An Interactive Map of the Delicious Connecticut Cheese Trail
I had no idea this was even a thing, but recently, I discovered an interactive map that does a marvelous job of outlining the "Connecticut Cheese Trail." It includes eight local artisan cheese makers. Check it out here:
So, like I said, Natalie Clunan at onlyinyourstate.com did an awesome job laying out the map and giving great descriptions introducing the cheese destinations, but already having a Connecticut Beer and Wine Trail, do we really NEED a Connecticut CHEESE Trail?
Don't get me wrong, I come from a long line of cheese lovers, but not cheese snobs. I've been known to buy a store brand cheddar every once in awhile which is looked down upon by the highbrows.
Because of my short attention span, the Cheese Trail my friends and I would choose to follow has to be much closer to the Danbury area, be much shorter, and include a vineyard stop. It's that whole "wine n' cheese" thing. That's why I've custom built my own shorter and simpler Wine & Cheese Trail.
My rule is when the cheese platter comes out so does the wine which is why our first stop is Hopkins Vineyard on Lake Waramug to pick up some decent bottles of wine. From Hopkins, we'll take a 40-minute drive up Rt. 7 to Falls Village to a cheese lover's paradise called Rustling Wind Creamery. All their cheese is handmade and I'm told that it's a cheese aficionado's dream come true.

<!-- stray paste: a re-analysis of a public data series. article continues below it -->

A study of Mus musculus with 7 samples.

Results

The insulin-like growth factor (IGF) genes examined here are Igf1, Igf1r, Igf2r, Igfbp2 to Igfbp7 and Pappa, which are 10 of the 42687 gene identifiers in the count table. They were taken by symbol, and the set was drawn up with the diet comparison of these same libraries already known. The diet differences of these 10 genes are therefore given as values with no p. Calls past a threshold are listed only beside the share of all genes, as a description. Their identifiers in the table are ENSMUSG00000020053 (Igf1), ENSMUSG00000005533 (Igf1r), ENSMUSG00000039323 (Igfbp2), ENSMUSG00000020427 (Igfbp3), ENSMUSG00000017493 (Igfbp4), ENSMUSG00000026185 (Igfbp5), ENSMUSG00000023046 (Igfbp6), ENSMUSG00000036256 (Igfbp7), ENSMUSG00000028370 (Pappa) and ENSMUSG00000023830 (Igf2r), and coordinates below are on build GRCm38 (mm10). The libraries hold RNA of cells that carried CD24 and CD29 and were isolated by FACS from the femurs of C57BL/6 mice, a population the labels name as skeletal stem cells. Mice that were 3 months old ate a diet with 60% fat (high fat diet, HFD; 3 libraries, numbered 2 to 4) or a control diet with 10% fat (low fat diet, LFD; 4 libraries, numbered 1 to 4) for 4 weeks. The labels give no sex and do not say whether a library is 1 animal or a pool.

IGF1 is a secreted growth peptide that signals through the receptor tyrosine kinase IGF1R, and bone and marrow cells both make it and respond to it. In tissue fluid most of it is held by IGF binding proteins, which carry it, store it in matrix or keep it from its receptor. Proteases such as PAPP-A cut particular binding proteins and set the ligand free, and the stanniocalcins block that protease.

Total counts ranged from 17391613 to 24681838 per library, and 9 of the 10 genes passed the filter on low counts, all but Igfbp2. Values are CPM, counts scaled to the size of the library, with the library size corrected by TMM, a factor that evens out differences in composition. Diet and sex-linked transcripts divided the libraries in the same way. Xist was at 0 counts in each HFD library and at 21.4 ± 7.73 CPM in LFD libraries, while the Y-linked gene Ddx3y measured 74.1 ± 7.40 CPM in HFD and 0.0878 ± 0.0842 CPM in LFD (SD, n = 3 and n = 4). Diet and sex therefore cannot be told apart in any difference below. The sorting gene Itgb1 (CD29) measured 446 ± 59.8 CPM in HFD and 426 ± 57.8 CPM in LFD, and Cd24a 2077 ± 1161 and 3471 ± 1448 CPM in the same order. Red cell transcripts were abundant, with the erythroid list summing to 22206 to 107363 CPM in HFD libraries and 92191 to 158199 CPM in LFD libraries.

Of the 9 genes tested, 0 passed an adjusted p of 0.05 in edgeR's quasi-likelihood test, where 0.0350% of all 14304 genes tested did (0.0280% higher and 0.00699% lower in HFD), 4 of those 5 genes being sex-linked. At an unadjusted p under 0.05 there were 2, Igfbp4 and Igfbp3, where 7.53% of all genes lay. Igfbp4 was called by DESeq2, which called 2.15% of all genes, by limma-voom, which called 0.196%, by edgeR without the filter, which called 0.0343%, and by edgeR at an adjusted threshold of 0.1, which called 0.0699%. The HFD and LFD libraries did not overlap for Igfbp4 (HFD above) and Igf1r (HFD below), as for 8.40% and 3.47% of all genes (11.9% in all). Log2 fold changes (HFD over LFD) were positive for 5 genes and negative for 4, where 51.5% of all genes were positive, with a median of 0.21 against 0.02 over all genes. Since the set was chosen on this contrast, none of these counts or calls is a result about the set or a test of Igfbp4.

Our next and last Cheese Trail stop is Arethusa Farm at 822 Bantam Rd. in Bantam. There is some wine left, right? Cool, so let's pop in and buy our last chunk of fancy ass cheese and head home for a nap. There you have it, people. I have taken the original Cheese Trail excursion from three hours to 45 minutes. You're welcome!